Principle Of Contribution Under Common Law: The Principle is corollary to the principle of indemnity and will maintain its continued existence to preserve the principle of indemnity. Therefore, it applies only to those insurance contracts which are contracts of indemnity. As life and personal accident contracts are not contracts of indemnity, this principle does not apply thereto.
It should be clearly borne in mind that even though there is no contribution condition in the policy, that is to say that even if it is not mentioned in the policy that contribution would apply, nevertheless, it is the legal right of the insurers to get the benefit of contribution. The right is implied at law.However, the position as to when and how the right can be exercised differs at common law and under policy condition.
Under common law the position is this that the insured can claim the full amount of loss from any of the insurers of his choice, when that insurer will have the trouble of asking contribution from the other interested insurers. But under a policy condition the insurers may require the insured to claim proportionately from all the insurers right at the inception rather than claiming full from the policy subject to this condition. In practice, non-marine policies do usually contain a condition as such and it is most unusual to find such a condition in marine policies.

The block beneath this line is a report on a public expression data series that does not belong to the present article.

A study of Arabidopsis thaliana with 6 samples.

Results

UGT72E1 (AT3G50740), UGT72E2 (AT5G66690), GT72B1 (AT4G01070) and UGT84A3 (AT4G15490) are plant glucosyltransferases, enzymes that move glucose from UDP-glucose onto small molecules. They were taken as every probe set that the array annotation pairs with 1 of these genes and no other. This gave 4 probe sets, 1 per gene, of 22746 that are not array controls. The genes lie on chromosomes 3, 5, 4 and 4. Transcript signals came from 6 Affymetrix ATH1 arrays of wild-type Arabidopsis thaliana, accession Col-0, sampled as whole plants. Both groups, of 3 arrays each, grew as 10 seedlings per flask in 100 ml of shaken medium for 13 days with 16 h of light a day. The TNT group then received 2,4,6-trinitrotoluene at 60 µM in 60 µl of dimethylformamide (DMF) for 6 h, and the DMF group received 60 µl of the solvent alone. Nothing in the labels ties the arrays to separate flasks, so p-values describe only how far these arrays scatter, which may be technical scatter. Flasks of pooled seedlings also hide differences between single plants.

Sometimes a special clause is put in a policy to keep the same away from contributing under circumstances where the loss is covered by a more specific policy. In such circumstances, the non-specific policy having this clause shall not contribute to the loss unless the specific policy is exhausted and then only for the excess amount.
In the study of the principle of contribution also the student should try to recall the legal principle as laid down in the leading English case of CASTELLAIN V. PRESTON (1883).